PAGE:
THE MUGSHOTNAME: Alfred George Burns
This is a picture of yours truly taken at my place of work on February 6, 1999.
CLASS: Amateur - May 1976, Advanced Amateur - March 1988
ADDRESS: 1326 Lakefield Crt., Oshawa ON L1J 3Y6, Canada
EMAIL ADDRESS: email@example.com
PERSONAL HISTORY: As you can see from the photo above, I've reached 52 years of age. For those who are curious, the photo shows me in typical workware for the Canadian Nuclear Power industry. I work for Ontario Hydro Nuclear at the Pickering Nuclear Generating Station in Pickering, Ontario, Canada.
I've been a closet HAM since I was a teenager, but it wasn't until May of 1976, when I was successful at passing the 10 WPM CW test, that I finally received my "Amateur" class license. It took me 12 more years to upgrade to the "Advanced Amateur" class. In the process of upgrading, I became interested in operating CW. While I'm not adverse at a good phone ragchew, I prefer to operate CW. I'm an Amateur that thinks that Morse Code should be an intregal part of Amateur Radio Hobby and joined FISTS , which is an organisation that promotes the use of Morse Code on the HF amateur bands.
I've participated in various activities over the years. I've operated "Packet" on VHF, operating "Jnos" as the principle packet operating system. I have not been active recently because the local networks have pretty much collapsed. Besides Packet, I've operated digital modes on HF. They included Baudot, RTTY, and mainly AMTOR. My TNC did not support things like PACTOR, so I was never able to operate that mode. My interest in Morse Code, prompted me to teach it to prospective hams. In the seven years that I taught the code, about 80 new hams received their Morse code endorsements. My local club, The North Shore Amateur Radio Club and our neighbouring club, The South Pickering Amateur Radio Club hold an annual Hamfest that is the largest of its kind in Canada. I participated in its operation for six years until a heart attack curtailed those activities.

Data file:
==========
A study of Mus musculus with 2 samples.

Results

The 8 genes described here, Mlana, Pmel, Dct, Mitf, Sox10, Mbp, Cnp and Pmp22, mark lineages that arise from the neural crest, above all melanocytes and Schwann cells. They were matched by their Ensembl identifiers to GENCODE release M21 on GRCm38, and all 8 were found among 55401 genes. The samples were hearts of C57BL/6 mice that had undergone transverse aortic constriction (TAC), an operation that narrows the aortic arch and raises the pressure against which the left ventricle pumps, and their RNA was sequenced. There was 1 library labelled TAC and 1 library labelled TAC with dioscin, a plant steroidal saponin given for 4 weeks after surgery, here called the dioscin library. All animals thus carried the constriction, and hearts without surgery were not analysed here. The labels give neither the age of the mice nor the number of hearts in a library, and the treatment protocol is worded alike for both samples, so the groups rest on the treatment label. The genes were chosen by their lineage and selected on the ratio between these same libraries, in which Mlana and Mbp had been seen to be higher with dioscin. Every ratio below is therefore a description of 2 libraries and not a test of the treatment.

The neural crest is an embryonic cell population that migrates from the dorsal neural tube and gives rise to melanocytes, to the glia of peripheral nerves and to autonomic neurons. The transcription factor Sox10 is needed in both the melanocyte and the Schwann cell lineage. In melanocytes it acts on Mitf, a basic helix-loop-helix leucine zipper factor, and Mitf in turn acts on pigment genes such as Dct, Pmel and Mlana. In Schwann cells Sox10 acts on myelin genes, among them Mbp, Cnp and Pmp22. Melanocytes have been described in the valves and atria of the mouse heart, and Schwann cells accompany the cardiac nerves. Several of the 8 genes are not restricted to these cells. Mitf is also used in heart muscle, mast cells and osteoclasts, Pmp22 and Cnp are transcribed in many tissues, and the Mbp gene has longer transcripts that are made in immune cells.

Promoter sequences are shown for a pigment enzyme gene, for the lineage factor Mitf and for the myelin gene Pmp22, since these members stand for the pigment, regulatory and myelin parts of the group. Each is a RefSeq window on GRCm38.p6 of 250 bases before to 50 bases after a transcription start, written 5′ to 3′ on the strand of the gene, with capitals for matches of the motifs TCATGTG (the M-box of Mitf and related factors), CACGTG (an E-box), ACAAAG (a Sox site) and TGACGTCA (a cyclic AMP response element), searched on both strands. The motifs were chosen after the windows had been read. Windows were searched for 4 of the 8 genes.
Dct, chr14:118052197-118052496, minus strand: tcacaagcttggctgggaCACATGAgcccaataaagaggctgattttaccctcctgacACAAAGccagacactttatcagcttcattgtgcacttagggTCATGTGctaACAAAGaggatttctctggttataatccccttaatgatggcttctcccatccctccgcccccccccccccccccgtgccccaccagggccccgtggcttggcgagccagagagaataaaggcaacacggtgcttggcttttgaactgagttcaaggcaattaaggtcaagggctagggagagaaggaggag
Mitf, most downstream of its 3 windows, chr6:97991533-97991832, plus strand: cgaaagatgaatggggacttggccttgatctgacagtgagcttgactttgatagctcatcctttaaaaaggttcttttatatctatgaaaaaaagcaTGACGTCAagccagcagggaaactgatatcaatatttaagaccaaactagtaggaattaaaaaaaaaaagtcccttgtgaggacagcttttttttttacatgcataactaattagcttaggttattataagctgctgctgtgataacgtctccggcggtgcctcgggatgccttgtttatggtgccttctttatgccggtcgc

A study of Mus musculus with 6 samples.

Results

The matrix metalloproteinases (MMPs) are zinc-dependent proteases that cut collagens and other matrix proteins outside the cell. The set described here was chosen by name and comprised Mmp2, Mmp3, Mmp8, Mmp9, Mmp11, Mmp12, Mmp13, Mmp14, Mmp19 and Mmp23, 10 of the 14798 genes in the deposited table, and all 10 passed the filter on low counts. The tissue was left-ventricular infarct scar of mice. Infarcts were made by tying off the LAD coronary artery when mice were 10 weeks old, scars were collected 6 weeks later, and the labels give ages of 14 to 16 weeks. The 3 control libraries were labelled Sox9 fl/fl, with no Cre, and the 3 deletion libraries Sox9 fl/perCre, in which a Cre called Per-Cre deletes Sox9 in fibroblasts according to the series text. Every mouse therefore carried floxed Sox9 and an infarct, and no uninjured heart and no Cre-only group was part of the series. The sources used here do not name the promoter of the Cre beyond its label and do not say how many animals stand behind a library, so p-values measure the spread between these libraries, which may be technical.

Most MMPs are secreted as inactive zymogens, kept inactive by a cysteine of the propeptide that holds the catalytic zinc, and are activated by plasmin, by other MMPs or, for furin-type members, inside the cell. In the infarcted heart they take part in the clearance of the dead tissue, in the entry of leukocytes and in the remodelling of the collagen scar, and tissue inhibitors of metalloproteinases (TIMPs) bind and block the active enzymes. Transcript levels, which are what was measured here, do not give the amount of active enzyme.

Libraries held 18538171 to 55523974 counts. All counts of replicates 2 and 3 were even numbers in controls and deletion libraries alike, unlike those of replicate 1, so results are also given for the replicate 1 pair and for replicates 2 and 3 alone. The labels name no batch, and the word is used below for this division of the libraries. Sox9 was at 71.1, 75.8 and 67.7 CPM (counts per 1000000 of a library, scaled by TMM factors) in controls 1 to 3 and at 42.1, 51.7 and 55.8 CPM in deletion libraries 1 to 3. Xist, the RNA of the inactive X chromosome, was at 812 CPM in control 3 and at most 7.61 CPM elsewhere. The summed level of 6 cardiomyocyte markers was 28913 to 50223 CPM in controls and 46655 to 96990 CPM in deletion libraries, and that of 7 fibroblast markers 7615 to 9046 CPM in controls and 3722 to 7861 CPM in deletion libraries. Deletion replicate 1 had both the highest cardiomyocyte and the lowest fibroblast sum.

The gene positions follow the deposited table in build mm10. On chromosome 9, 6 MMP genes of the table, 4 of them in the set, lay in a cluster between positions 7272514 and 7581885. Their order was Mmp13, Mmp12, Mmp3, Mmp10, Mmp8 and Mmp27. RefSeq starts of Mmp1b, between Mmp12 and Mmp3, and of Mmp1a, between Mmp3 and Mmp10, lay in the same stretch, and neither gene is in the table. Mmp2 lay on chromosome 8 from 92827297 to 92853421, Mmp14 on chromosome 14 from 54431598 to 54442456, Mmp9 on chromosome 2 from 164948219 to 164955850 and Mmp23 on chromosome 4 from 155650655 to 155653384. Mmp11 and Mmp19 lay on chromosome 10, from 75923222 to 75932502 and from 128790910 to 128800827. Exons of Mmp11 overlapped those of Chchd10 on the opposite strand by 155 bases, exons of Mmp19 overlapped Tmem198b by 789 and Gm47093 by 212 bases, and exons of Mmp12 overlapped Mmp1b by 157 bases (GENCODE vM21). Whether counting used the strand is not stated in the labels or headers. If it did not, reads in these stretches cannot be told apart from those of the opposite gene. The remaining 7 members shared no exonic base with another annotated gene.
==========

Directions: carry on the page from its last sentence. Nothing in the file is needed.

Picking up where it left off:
If you've had a look at my Photo Ablums, you'll notice that I like to ride on trains. In March of 1997, I and my son, joined the members of the Algoma Amateur Radio Club for a trip on the Algoma Central Railway's "SNOWTRAIN", that operates out of Sault Ste Marie, Ontario, Canada. I wrote an article about the trip that was published in the The Radio Amateurs of Canada monthly magazine, TCA. In May of 1998, I was invited to participate on another rail dx-pedition which was the Polar Bear DX-pedition 98. This was one of my great highlights of being a HAM Radio operator.
My shack is typical of a lot of Ham Radio Shacks. It has the usual junk and spare parts lying around and it's difficult for anyone to believe (especially my XYL) that I can operate under these conditions.
All my HF Gear is Solid State Drake of the late 1970's. It consists of the Drake TR5 and TR7 transceivers, each with matching power supplies. I also have the Drake WH7 Watt-SWR meter and the MN7 Transmatch to finish out the group. Besides the Drake gear, I have the MFJ 949C transmatch and the Heath HD1410 keyer connected to a set of Vibroplex paddles. My antennas are pretty basic. I have an 80 meter VEE, that is stretched from east to west and a 40 meter Sloper, that is orientated to the northwest. I also have a MiniQuad tribander for 20, 15, and 10 meters, that is up 35 feet.